It was about 100 years after the death of the first Roman dictator Julius Caesar that the great historian Plutarch (46–120 CE) wrote a biography. Of his examination Plutarch said, "It is not histories I am writing, but lives; and in the most glorious deeds there is not always an indication of virtue of vice, indeed a small thing like a phrase or a jest often makes a greater revelation of a character than battles where thousands die" Plutarch (Life of Alexander/Life of Julius Caesar, Parallel Lives, [translated by E.L. Bowie]). And it was probably this source, translated from Greek to French and French to English in 1579 by Thomas North, which fell into the hands of the ‘upstart crow’ playwright William Shakespeare.
It may have been Shakespeare’s own worries about the future of his own country that prompted him to tackle Julius Caesar for his next play in 1599. After all, by that year Queen Elizabeth I had been on the throne forty-one years. Though she was growing weak in body, her power, especially after the glorious defeat of the Spanish Armada, had never been greater. She was very popular with her people, who even established a religious cult devoted to her. Yet all of England knew that she had continually refused to name an heir to her throne. Many feared a return to civil war after her death. To Shakespeare such a war may have been reminiscent of the strife caused by Caesar’s unexpected assassination.
History had proved that though Brutus and the other conspirators believed that Caesar’s death would save the republic from tyrannical leadership, it had the reverse affect. It was only two years after the deaths of Caesar, Cassius, Brutus, and Mark Antony, that Octavian, Caesar’s grand nephew, was crowned as the first emperor of Rome, Caesar Augustus. It must have seemed likely that Elizabeth’s own removal from the throne, the end of her “Golden Age,” could have similar dictatorial backsliding consequences on a nation that was already beginning to feel the stirrings of a republican revolution that would come forty years later. (Auspiciously future Lord Protectorate Oliver Cromwell was born in 1599.)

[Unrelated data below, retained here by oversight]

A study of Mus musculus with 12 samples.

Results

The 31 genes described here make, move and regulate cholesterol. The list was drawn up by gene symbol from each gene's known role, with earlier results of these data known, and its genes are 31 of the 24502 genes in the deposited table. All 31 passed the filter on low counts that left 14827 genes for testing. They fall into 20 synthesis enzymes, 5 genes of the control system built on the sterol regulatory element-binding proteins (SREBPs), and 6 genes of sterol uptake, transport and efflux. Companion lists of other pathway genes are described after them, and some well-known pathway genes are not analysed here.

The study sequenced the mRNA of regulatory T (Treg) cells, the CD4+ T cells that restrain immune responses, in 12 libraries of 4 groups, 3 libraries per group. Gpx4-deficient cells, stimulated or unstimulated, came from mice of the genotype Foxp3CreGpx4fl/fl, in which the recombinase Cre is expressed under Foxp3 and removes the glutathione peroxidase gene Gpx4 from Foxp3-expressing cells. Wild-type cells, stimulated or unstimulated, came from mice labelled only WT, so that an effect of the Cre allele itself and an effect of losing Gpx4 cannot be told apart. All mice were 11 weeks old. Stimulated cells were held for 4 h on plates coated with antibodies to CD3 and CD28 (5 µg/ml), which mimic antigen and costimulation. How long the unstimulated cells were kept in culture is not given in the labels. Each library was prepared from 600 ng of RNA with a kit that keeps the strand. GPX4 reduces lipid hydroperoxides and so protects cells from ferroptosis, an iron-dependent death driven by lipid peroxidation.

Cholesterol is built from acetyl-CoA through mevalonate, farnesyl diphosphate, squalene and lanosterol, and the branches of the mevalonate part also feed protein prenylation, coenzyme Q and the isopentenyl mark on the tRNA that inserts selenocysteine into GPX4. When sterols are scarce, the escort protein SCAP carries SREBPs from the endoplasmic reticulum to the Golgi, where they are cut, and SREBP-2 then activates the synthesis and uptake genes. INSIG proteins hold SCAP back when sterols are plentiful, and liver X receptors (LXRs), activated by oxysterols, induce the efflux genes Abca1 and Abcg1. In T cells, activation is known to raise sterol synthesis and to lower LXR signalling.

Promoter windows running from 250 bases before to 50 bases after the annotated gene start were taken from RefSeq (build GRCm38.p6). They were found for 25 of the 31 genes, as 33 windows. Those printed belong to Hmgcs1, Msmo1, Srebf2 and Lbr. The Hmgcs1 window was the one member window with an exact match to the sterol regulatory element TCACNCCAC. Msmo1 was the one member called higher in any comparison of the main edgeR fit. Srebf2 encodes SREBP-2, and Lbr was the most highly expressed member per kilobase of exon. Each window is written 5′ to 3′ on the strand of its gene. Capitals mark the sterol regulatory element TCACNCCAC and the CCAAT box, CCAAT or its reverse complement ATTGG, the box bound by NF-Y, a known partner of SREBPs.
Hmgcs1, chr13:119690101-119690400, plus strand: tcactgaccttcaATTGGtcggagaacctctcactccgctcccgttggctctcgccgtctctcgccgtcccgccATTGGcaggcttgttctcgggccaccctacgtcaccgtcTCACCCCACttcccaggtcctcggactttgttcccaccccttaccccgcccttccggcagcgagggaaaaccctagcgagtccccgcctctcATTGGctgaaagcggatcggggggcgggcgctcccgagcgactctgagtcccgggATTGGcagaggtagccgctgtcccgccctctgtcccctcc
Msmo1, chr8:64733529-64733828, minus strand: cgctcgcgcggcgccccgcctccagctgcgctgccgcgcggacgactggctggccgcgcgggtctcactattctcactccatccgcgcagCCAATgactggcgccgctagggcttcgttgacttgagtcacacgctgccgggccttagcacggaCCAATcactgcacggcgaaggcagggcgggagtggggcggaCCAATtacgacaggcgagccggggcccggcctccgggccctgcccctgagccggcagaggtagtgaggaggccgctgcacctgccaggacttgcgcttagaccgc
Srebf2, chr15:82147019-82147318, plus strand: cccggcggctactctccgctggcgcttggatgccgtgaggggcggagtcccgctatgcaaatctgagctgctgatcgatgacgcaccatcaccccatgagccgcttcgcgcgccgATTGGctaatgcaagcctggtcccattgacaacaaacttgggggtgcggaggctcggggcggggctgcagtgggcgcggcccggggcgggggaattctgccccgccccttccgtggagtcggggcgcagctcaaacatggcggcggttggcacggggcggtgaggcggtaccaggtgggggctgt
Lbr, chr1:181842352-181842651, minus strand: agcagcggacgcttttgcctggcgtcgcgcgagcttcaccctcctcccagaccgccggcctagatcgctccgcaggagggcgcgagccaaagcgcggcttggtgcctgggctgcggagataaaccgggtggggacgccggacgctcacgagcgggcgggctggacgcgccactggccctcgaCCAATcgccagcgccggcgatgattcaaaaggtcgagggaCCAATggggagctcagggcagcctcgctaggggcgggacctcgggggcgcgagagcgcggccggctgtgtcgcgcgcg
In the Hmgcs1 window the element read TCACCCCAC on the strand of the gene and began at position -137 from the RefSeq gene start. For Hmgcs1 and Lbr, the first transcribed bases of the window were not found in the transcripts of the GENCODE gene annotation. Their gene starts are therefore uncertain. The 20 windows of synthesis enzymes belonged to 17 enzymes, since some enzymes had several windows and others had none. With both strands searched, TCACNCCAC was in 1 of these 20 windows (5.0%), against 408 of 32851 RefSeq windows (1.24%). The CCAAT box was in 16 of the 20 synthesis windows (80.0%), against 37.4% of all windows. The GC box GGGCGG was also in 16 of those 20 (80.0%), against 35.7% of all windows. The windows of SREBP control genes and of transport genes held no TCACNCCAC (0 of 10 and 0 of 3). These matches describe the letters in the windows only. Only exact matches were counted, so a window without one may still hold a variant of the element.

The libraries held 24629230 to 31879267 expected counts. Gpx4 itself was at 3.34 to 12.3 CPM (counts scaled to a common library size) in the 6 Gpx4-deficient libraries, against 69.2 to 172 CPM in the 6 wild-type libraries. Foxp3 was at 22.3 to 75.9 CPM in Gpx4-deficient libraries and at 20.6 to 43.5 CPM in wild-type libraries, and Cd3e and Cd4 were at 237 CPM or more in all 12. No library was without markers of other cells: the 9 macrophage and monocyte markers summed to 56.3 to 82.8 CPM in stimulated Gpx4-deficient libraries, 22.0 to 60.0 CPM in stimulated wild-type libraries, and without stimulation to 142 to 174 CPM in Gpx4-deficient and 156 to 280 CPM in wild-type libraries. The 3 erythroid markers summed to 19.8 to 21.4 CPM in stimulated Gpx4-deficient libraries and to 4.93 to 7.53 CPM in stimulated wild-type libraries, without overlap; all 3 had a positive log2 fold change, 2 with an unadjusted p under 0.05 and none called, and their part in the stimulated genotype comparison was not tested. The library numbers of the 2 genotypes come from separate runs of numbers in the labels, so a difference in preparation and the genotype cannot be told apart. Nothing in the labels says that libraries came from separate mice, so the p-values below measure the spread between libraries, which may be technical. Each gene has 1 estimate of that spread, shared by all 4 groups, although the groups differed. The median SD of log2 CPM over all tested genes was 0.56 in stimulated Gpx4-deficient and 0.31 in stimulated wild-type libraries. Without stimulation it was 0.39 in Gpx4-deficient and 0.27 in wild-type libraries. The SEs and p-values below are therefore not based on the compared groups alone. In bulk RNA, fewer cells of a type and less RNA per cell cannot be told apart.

This time of political transition also marked a shift in Shakespeare’s writing. Julius Caesar and Romeo and Juliet are among the first of his great tragedies written from 1599 to 1608. Julius Caesar is the most cerebral of these tragedies. The audience is not particularly sympathetic to the murdered Caesar, as he is hardly alive on stage long enough to seem a fully developed character. In his few scenes he appears as a charming, affable, if somewhat big-headed military leader, with a boyish sense of invincibility. With such a brief introduction it is difficult for the audience to take the threat of his overthrow of the republic very seriously. As the author of an 1817 article stated, “We do not much admire the representation here given of Julius Caesar, nor do we think it answers to the portrait given of him in his Commentaries. He makes several vapouring and rather pedantic speeches, and does nothing” (Hazlitt, Williams, Characters of Shakespeare's Plays [C.H. Reynell: London] 1817).
The lack of action and pensive attitude of the first half of the play perfectly set up the furious scenes of revolt and battle displayed in the second half. This opposition makes clear Shakespeare’s feelings about the dangerous impact of the deaths of powerful leaders.
And yet, Caesar’s lack of action and scant appearance in on stage action shift the audience’s focus to the dealings of Brutus and Cassius. As Brutus cries to the heavens near the end of the play, “O Julius Caesar, thou art mighty yet!” (5.4.100) As the action of the play moves forward the audience the effects of their murderous decision on themselves and also for the Rome they claim to love.
The play has been popular throughout the 400 years since its initial performance it has been performed by casts of hundreds, as wells by school children around the world. Its universal themes of loyalty, flattery, political necessity, and fate continue to strike chords in the heart’s of audiences around the world and has lent itself to production alterations like all female casts, relocating the action into updated political settings, and has also been adapted to the screen with such major film stars as Charlton Heston, John Gielgud, and Marlon Brando.